According to the CDC, less than 10% of Americans meet the recommended daily intake for vegetables. Most Americans recognize that vegetables are important for health, and eating vegetables as part of a healthy diet may help lower risk for certain diseases. Despite this, most people still do not consume enough vegetables.
Nutrients in vegetables can be sensitive to heat or leach out into water, so in general, shorter cooking times with less water is recommended.
Eating raw vegetables doesn’t always produce the highest amount of nutrition; some nutrients actually are increased after cooking.
Cooking in some instances can make nutrients more absorbable in the body. So should you eat more raw or cooked vegetables? The answer is simple: do both.
Steaming is perhaps one of the easiest and healthiest ways to cook vegetables. A 2013 TIME article (2) suggests steaming may be the best way to cook broccoli in particular because this method helps keep broccoli’s cancer fighting glucosinolates.
Steaming can help break down vegetable cell walls making the nutrients easier to digest and easier on the digestive tract. A 2013 article from Prevention (3) also suggests steaming can help increase antioxidant activity in certain vegetables like peppers, broccoli, spinach and green beans.
Steaming differs from boiling or simmering because it doesn’t require the vegetables to be completely submerged in water, which can increase nutrient loss.
Place vegetables in a basket in a pot so they are elevated above the water level. The cooking time with steaming is relatively short; be careful you don’t overcook the vegetables or burn your pan.(4)
Sauté or stir fry
Sauté and stir fry are similar cooking methods. Both require a hot pan or wok and a small amount of oil.
For the best outcome, make sure you add the vegetables to the pan after the pan and oil are hot.
This will help make sure the cooking time is short. Also make sure you are stirring or tossing the ingredients you are using so they don’t burn to the pan.
Cutting vegetables into bite size pieces before you put them in the pan can help minimize cooking time.
Sautéing or stir frying vegetables can be an easy way to cook a meal with a protein because you can cook the protein together with the vegetables in the same pan.
For best results with sautéing or stir frying, choose an oil that can withstand high heat cooking temperatures.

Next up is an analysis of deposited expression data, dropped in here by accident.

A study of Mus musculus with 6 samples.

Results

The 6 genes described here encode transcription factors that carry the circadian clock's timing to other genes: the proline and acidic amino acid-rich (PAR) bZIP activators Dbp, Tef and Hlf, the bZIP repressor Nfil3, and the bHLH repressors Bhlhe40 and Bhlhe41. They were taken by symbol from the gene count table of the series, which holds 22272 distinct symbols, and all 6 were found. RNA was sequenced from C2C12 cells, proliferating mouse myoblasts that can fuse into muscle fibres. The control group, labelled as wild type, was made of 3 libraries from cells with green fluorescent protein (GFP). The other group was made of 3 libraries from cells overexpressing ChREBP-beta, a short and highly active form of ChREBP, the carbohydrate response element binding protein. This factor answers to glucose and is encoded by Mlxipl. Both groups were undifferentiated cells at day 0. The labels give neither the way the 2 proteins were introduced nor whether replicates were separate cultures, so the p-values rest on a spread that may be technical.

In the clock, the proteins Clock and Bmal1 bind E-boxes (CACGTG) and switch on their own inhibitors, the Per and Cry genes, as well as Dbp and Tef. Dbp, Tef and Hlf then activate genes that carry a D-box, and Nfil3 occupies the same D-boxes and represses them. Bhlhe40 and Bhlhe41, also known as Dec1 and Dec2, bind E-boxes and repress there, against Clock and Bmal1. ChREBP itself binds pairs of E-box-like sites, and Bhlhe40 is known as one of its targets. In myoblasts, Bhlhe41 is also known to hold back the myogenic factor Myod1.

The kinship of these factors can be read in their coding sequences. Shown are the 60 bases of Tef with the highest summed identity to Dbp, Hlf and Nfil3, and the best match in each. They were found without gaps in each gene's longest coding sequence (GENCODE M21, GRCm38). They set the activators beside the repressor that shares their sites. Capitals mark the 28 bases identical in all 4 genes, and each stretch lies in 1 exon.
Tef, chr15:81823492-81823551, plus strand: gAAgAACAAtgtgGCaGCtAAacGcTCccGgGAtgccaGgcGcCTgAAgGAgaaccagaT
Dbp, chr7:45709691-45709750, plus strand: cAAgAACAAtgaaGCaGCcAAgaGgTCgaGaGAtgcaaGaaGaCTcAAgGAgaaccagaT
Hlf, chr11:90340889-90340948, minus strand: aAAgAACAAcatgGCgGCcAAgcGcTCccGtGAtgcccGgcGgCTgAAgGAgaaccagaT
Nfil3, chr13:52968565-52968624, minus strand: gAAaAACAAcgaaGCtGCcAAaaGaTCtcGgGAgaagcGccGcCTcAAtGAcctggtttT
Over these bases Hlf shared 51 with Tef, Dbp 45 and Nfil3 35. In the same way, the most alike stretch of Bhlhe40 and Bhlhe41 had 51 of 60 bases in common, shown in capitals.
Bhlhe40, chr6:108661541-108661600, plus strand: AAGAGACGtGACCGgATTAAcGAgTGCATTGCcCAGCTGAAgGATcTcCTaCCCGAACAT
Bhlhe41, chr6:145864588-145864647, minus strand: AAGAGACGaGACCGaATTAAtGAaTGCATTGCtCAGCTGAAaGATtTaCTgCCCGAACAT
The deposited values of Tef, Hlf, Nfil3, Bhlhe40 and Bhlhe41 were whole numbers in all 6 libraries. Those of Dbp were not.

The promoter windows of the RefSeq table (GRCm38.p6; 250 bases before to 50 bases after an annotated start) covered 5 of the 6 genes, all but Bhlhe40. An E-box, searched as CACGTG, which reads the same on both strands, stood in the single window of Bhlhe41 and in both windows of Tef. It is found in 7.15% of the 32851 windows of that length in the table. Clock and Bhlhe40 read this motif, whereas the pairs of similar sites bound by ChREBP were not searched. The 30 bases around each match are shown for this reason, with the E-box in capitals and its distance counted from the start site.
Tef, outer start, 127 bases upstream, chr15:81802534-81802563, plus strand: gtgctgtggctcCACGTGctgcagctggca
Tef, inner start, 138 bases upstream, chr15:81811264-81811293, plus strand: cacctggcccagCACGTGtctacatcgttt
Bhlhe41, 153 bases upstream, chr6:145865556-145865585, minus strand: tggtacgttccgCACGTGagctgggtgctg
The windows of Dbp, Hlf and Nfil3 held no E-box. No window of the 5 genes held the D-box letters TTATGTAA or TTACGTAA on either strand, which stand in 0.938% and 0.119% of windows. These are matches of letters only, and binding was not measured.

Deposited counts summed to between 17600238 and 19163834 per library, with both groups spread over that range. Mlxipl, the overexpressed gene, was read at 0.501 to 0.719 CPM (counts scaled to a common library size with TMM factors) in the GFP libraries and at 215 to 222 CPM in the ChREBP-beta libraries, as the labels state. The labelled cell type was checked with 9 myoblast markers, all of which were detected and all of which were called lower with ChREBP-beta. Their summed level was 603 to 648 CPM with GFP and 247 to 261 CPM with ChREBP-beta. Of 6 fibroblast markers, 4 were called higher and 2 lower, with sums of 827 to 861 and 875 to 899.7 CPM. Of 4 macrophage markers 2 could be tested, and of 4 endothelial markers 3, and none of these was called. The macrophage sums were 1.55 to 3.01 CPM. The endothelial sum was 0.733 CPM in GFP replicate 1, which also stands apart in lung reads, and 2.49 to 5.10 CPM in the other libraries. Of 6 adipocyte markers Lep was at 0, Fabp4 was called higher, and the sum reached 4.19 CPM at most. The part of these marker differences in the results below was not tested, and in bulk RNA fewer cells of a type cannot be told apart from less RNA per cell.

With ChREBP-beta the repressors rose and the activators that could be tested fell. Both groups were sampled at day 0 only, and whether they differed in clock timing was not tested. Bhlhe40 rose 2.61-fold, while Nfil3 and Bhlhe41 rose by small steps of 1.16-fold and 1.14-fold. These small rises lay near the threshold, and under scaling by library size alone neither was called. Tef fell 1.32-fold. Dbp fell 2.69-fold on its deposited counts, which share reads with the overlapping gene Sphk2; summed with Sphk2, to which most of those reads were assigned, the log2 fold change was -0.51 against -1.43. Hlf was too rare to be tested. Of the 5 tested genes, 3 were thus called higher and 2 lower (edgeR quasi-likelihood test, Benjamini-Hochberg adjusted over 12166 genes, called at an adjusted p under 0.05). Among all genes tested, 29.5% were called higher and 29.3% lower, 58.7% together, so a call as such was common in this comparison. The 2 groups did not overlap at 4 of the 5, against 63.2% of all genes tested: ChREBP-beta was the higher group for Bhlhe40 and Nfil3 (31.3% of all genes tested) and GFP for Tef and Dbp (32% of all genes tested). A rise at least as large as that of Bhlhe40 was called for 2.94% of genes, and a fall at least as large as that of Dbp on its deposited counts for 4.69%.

Roasting, similar to steaming, can be a no fuss way to cook vegetables. It’s as easy as tossing some vegetables with a drizzle of oil, seasonings and putting it in the oven.
Roasting creates a unique caramelized layer that can add some flavor that you can’t get from boiling or steaming vegetables.
Roasted vegetables may be a healthier way of cooking than grilling. Grilling meats especially can increase risk for the formation of carcinogens from charred foods.
When is boiling recommended?
Boiling gets a bad rap as a cooking method because you cook the vegetables submerged in water, cook with a high temperature then discard the cooking liquid. Many nutrients are leached into the cooking water which can lower some of the nutrient value of the vegetables.
If you boil vegetables, using the cooking liquid as part of the recipe can help keep the nutrients.
For example, if you are cooking vegetables for a soup or stew, using the cooking liquid as part of your stock.
In some instances, lowering the potassium amount from vegetables is helpful because the kidneys can’t process the high amounts of potassium.
Boiling vegetables and discarding the liquid can help lower potassium levels which is normally not recommended for healthy people, but with kidney disease is sometimes recommended.
Boiling may also be recommended for lowering risk of developing kidney stones. Oxalic acid is in vegetables and may increase risk for forming kidney stones.
Boiling vegetables can help lower the oxalic acid. If you have questions about kidney health and the best way to cook vegetables, speak with your healthcare team.
Whether raw or cooked, most people need to increase their vegetable intake. Eating raw vegetables will provide some nutrients in the highest amount, while cooking can actually increase other nutrients from vegetables.
To minimize nutrient loss, using quick cooking times with minimal water are generally recommended. Steaming, sautéing, stir frying and roasting can be healthy ways to cook vegetables.